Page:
Patrick Gallivan’s novel Yeshu’a: An Account of a Master’s Journey East paints a vivid picture of the life and times of Jesus. The story takes readers from caravan trains through the desert—where the hospitality of strangers could literally mean the difference between life or death—to the inner workings of the Essene brotherhood which claimed Yeshu’a as a member. Gallivan also explores the personal and political relationships between the Jews, Arabs, and Romans of the time.
Using sources other than those of traditional Christianity to explore the so-called “lost years” of Jesus’s life, Gallivan traces the Master’s early travels to India, Nepal, and Lhasa. As the story unfolds, it becomes clear that even in those places, people in positions of power tended to feel threatened by the young man’s message.
The author’s account of Jesus’s whereabouts and activities during the years not mentioned in the Bible and his interpretations of events surrounding Jesus’s crucifixion conflict with mainstream Christian teaching. In Gallivan’s story, Jesus did not really die when he was crucified, but induced himself into a deep trance that allowed him to avoid the pain of crucifixion; after he was placed in the tomb, he was attended to by Essene healers who restored him to health using herbs and spices. The author then has Jesus moving on to live in Kashmir and continuing his teaching and healing ministry until he dies in his eighties, after a full and rich life.
Gallivan calls this work a novel, and, as such, it is colorful and fast paced with believeable characters. The book would be much more powerful, however, were Gallivan to place it into the category of Historical Fiction, back up his statements about Jesus’s life and activities with the references he mentions having used in his research, and take on the theological debate that his research and personal conclusions will surely provoke. As it stands, it is difficult to determine whether the author is using his narrative as a platform to put forth his own conclusions about the events in Jesus’s life, or whether it was his intent to create a work of pure fiction, a possibility that seems to be denied in his preface.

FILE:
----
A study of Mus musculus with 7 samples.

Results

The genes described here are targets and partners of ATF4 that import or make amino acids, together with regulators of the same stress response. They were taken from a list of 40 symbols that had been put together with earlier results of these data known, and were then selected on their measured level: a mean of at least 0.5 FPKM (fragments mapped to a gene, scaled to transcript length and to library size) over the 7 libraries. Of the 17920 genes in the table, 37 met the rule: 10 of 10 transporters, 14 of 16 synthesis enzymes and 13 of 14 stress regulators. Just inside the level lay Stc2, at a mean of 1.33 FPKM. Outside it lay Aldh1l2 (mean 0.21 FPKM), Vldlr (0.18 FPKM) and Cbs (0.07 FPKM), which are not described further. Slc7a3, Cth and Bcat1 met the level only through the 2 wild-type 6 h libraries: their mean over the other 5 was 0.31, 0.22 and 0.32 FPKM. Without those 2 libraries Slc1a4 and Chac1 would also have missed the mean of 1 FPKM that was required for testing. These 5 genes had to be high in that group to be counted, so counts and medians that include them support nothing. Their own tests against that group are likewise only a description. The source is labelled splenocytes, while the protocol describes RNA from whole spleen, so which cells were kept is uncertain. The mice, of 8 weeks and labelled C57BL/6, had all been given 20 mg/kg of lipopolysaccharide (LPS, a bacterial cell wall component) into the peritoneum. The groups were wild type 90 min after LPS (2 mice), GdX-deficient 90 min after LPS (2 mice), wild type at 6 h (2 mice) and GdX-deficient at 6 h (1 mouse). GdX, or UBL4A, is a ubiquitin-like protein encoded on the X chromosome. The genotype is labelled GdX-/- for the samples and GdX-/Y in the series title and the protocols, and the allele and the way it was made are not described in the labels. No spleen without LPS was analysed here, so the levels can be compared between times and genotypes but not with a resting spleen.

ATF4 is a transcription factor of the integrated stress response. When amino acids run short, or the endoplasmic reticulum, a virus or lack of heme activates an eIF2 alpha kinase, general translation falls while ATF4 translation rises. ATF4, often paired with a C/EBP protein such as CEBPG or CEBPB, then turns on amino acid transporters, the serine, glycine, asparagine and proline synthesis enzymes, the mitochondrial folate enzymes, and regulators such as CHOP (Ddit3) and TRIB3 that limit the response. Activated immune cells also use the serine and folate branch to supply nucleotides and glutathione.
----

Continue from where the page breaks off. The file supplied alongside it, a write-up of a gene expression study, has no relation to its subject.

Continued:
The cover art, a compelling portrait of Jesus based on the Shroud of Turin, is noteworthy for its beauty. According to Gallivan, it came from a black-and-white computer printout of a postcard of the Shroud which the Avatar Sathya Sai Baba changed into full color by merely passing his hand over it.
The book would benefit from thorough proofreading to correct its frequent errors, such as the spelling of Jesus’s name as “Yeshus” on the back cover and as “Yeshu’a” in the text. Repetitive word use, as in “With quick steps, the donkeys moved quickly,” and the conflicting information given when the author writes that Yeshu’a traveled on foot and then immediately afterward “rode along” and “rode deep in thought” detract from the book’s overall quality. It is also suggested that Gallivan provide readers with his own biographical information and a list of any past publications in order to lend credibility to his conclusions.